By Noel Young, Correspondent

November 2, 2011 | 3 min read

The decision by a UK employment tribunal to uphold the the sacking of an Apple store employee, who posted negative comments about the stores on Facebook, is making waves in America.

The Apple image

A supposed ‘friend’ of the British store employee named Crisp showed the post to the store manager, who then fired Crisp for “gross misconduct”.

ZDNet asked: "But was Apple in the right, or should it have issued a stern warning? It’s ‘this old chestnut’ once again."

"Apple has a series of serious brands to maintain, and clearly employees put their hearts and souls into maintaining that image. The brand, arguably, is what makes Apple what it is — a global giant for which tens, if not hundreds of millions around the world have utter adoration for," said the US website.

"But the company has strict social media rules to protect its commercial reputation, and forbids the posting of any negative comments on any social media site or social network."

According to the initial report, Apple “made it absolutely plain throughout the induction process that commentary on Apple products, or critical remarks about the brand, were strictly prohibited”.

The UK employment tribunal upheld the firing because it ruled that posting even a seemingly private comment “does not give privacy protection”, therefore, “Apple successfully argued that it was justified and proportionate to limit this right (of posting) in order to protect its commercial reputation against potentially damaging posts.”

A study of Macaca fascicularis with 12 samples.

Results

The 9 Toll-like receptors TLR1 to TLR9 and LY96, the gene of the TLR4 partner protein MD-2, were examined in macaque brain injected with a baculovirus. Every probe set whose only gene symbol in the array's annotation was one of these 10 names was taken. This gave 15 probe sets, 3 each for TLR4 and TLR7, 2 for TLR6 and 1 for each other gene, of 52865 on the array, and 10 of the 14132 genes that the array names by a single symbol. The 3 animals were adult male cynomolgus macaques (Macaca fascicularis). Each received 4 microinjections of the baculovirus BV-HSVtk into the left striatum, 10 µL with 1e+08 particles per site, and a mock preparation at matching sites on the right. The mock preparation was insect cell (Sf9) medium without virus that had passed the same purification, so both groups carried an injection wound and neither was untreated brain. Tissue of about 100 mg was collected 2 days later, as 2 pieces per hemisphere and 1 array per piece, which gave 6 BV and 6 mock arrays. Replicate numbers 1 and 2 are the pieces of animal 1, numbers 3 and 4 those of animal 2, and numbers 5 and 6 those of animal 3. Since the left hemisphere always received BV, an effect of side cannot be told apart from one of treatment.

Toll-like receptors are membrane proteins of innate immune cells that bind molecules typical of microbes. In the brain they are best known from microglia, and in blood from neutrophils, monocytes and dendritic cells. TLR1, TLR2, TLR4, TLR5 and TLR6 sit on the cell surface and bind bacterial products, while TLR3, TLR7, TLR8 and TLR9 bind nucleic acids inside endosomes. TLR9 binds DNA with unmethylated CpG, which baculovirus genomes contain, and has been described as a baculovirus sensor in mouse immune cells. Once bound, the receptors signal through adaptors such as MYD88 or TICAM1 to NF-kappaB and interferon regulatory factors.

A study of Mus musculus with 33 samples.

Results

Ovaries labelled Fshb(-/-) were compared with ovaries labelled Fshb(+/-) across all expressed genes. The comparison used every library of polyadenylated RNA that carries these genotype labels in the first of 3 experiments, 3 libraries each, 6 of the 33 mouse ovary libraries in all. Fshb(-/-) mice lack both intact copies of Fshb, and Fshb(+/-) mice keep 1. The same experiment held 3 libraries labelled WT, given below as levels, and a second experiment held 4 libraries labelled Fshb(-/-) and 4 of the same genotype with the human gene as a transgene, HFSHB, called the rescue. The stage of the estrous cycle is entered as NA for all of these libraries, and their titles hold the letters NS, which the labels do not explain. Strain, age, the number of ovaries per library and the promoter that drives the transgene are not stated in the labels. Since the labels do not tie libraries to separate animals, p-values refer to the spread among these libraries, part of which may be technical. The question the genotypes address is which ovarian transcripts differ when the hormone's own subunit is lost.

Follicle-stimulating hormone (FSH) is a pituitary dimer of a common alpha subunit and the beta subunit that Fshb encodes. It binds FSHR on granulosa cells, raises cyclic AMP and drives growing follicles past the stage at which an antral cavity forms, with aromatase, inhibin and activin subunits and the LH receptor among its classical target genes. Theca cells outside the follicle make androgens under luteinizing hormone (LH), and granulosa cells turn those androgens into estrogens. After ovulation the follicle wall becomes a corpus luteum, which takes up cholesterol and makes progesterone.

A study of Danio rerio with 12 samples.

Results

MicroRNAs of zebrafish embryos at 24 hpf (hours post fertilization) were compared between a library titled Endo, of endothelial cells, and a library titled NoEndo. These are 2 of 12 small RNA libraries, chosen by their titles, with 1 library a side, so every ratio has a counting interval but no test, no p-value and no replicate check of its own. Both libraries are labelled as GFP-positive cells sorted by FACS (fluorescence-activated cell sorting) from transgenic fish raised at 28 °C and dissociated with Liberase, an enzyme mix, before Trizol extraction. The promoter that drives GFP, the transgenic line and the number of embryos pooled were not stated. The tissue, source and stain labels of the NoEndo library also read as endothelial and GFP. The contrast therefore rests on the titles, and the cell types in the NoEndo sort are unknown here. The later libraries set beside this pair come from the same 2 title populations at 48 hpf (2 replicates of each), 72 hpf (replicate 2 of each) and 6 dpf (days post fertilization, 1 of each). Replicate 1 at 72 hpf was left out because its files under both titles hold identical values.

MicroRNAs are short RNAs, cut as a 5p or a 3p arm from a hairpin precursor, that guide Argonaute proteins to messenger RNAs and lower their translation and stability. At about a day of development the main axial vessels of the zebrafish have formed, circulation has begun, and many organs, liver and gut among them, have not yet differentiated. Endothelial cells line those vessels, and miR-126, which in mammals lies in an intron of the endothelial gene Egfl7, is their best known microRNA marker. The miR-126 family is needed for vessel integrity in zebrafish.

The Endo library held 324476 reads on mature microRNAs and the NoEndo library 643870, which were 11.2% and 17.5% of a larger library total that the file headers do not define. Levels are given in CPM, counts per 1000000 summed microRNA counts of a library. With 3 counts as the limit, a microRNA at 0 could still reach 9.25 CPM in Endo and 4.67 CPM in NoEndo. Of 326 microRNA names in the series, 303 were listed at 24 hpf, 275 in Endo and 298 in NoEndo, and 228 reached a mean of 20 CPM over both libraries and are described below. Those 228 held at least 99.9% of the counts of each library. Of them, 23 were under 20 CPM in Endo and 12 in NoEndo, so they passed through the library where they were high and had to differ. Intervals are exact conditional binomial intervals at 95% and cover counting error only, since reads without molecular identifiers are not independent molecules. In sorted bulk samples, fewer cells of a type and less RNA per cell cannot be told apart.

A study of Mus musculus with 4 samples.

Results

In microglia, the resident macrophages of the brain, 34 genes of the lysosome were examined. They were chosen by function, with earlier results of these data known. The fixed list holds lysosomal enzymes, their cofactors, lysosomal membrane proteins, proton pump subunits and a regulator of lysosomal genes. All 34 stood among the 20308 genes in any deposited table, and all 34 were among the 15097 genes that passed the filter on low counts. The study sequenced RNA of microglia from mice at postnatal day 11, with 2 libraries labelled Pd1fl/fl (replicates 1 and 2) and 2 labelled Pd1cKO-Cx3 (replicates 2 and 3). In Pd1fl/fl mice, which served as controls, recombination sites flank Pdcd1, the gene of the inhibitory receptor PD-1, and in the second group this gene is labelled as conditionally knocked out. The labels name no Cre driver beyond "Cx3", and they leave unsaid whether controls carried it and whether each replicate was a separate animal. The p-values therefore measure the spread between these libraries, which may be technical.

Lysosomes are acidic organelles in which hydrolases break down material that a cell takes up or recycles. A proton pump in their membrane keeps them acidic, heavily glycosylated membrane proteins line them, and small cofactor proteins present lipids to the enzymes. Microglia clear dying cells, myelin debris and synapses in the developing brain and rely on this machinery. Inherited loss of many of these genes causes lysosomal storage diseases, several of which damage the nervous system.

ZDNet then made the point: If this is the case, then any communication, whether verbal, written or electronically published, could be seen as ‘not private’, breaking the rules wide open for potential abuse by employers.

ZDNet said many had been caught out by social media, particularly when it came down to commenting on their jobs or colleagues. This summer, the U.S. National Labor Relations Board had a series of cases where employees were fired over Facebook. But the rules between the U.S. and the UK are different, says ZDnet.

"Had this case presented itself in ‘the land of the free’, perhaps the outcome would have been different. A settlement earlier this year led to a ruling whereby employees could not be disciplined by their employers over the content they post on Facebook."

For younger people, however, the divide between a ‘personal Facebook’ and a ‘work Facebook’ is yet to be differentiated, said ZDNet.

"Ultimately, company policies need to be put in place to ensure that all employees are not only aware of social media risks, but also the brands they represent inside and outside of the workplace."